Ecuador’s mahi mahi fishery is one of its most ecologically and economically valuable artisanal fisheries. Ecuador is the second largest producer of mahi mahi in the Eastern Pacific Ocean region after Peru, with average annual landings of 10,139 mt (average 2009-2019). The fishery supports 25,000 fishers and 95% of exports go to the U.S. Since 2010, WWF has worked closely with the Ecuadorian government and mahi mahi exporters on a comprehensive FIP to move the fishery towards the MSC standard. Over that time, more than 10,000 fishers have been engaged in FIP efforts through training on fishing regulations and best fishing practices, adopting bycatch reduction tools, welcoming on-board observers, and piloting a digital traceability system to test electronic logbooks and cameras on-board their vessels. In February 2019, the fishery entered the MSC full assessment process but unfortunately had to withdraw in December 2020 due mainly to the lack of joint management between Peru and Ecuador of the shared mahi mahi stock.
FIP's previous workplan actions had all been completed before moving into MSC full assessment but a new workplan has been developed to continue to work on improving the fishery's deficiencies. Conservation Mahi Mahi, a consortium of leading Ecuadorian mahi mahi exporters, signed a new MOU with WWF Ecuador in April 2021 to work together to reinitiate the implementation of the comprehensive mahi mahi FIP.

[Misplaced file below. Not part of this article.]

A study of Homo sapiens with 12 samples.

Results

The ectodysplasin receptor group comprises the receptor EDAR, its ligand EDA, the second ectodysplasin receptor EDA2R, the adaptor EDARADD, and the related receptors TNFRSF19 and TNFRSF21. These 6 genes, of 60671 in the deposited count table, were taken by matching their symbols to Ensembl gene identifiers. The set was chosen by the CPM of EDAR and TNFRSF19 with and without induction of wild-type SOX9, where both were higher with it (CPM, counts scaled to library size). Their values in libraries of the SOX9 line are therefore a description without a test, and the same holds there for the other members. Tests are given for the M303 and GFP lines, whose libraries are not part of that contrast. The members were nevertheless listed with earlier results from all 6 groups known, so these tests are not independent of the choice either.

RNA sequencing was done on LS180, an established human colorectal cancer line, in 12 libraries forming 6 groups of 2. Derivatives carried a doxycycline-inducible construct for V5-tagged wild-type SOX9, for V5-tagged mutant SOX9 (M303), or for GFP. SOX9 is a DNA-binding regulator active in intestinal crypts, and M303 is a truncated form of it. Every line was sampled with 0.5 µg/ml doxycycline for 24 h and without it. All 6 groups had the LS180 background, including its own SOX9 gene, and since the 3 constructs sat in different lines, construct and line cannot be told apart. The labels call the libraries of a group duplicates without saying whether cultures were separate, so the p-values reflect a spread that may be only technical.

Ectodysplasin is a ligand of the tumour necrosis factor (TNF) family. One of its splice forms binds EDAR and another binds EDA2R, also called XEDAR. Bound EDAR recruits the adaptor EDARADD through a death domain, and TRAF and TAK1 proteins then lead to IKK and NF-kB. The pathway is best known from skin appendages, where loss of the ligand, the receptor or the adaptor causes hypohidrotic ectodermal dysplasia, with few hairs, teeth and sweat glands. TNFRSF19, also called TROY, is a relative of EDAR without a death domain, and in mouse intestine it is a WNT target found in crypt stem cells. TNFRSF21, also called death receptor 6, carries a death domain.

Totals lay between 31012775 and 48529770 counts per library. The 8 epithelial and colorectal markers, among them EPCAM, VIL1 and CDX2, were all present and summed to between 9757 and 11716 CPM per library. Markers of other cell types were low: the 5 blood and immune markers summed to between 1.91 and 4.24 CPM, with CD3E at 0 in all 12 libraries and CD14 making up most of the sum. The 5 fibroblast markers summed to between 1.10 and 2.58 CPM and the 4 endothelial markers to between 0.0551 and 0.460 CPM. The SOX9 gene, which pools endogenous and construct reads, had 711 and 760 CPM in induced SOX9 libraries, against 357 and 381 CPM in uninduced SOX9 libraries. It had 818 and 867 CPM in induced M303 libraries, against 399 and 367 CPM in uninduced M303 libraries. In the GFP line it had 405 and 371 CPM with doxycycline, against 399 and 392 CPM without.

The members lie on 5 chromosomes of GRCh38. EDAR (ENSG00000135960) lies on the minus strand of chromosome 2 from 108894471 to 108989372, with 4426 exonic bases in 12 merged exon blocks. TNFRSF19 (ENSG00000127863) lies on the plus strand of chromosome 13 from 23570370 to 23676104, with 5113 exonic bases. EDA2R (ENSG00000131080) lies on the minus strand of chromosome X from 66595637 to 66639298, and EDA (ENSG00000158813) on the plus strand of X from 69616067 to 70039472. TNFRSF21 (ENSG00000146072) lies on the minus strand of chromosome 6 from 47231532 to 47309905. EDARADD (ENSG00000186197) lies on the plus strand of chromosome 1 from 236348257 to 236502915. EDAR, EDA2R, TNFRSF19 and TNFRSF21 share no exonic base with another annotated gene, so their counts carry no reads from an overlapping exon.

Approx. 60% of the longline mahi-mahi vessels of the Ecuadorian fleet are now part of this FIP.
Ecuador’s mahi mahi fishery is one of its most ecologically and economically valuable artisanal fisheries.
The objective of the Ecuador mahi-mahi FIP is to move the fishery in a step-wise approach towards meeting the Marine Stewardship Council (MSC) standard by December 2023, with the goal of entering the full assessment process after that to achieve MSC certification.
FIP at a Glance
This pie chart represents completed environmental actions. Non-completed environmental actions may contain completed sub-tasks that are not illustrated here. For more information on environmental action progress visit the Actions Progress tab.